How to Evaluate Agriculture and Bio-Resources School
Choosing an agriculture or bio-resources school or program can be a difficult and time-consuming choice. At first you will need to make many decisions: whether you wish to pursue a degree, diploma or certificate; study on a full-time or part-time basis; what majors and areas of specialization interest you; how important special features such as co-op, international exchange and so forth are to your decision; and the importance of cost, location and other similar factors. Once you have decided on these, you will still need to undertake a significant exploration and consultation to focus your interests and choice of agricultural studies program.
Here is a step-by-step process to help you evaluate each program:
Visit the university's, college's or program department's website. Most institutions provide detailed information about their programs - i.e., which diplomas/certificates are offered, amount of tuition and fees, admission requirements and intake times, student demographics, faculty qualifications, industry experience and research accomplishments, and more! Often the university's, college's or school's website will provide a "Q&A" or FAQ page which will answer the most common questions about it and its programs.
Visit the university, college or school. Many colleges and schools have "open days" where high school students are invited to tour the campus for a day. Campus visits allow you to learn things about the institution that might not be obvious from its marketing materials, such as facilities, campus lay-out, transportation and how it feels to be on campus. If the university, college or school is in your home-town or nearby, you can always take an informal tour on your own and drop in to the admissions or program office to ask questions. Even if the university, college or school nearest you is not the one you are considering, an information-gathering visit can help you get a sense of what you are comparing your other choices to.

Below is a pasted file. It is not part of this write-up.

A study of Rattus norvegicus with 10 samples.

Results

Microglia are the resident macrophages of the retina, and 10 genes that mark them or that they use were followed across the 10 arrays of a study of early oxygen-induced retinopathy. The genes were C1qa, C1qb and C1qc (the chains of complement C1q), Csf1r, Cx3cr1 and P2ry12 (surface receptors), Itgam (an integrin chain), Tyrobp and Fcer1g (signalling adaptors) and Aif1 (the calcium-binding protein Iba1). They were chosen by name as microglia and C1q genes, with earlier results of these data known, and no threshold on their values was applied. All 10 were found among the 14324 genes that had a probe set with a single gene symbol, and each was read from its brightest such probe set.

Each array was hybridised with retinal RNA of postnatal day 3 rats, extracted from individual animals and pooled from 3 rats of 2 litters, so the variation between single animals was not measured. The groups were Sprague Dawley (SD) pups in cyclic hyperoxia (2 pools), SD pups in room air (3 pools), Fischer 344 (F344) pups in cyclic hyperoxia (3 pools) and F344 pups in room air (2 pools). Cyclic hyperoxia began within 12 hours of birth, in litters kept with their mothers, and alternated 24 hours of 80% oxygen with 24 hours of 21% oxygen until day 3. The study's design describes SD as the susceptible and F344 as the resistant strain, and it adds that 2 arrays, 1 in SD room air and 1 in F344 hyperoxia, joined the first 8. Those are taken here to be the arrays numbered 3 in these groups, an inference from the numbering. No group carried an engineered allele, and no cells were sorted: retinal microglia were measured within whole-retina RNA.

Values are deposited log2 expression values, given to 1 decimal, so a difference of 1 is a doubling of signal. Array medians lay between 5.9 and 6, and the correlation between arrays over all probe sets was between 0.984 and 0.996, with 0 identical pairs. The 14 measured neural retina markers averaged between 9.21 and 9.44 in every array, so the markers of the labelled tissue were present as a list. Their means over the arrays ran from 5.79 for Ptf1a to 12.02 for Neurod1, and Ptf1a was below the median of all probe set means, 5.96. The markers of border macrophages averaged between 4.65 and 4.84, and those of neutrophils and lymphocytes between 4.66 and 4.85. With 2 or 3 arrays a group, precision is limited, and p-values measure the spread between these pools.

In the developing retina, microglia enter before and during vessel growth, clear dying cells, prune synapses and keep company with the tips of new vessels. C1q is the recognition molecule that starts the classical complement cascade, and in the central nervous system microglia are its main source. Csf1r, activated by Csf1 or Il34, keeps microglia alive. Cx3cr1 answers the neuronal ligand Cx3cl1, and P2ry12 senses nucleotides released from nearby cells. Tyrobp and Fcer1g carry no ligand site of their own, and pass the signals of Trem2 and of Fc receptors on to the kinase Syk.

Speak with an admissions counsellor or academic advisor: they have a thorough knowledge of the curriculum and study programs that can lend a perspective to your decisions, and sometimes lead you in new directions.
Research other sources of information. There is a wealth of things that you can do here:
If you know past graduates of the university, college, school or program talk with them about their experiences while a student.
Confirm which organizations have recruited graduates in the past and talk with their human resources departments to determine their satisfaction with the institution's graduates and programs, whether they continue to recruit from the university, college or school, and whether they value it over others on a regular basis.
Search the Internet for information on awards and achievements bestowed on specific agriculture schools or programs - competitions won, faculty honours, research grants, etc.
Consult Facebook and other social networking sites that may provide testimonials and other student comments on specific agriculture and bio-resource programs and the universities, colleges or schools that offer them.
Then match these facts and figures against the agriculture and bio-resource programs that you are evaluating.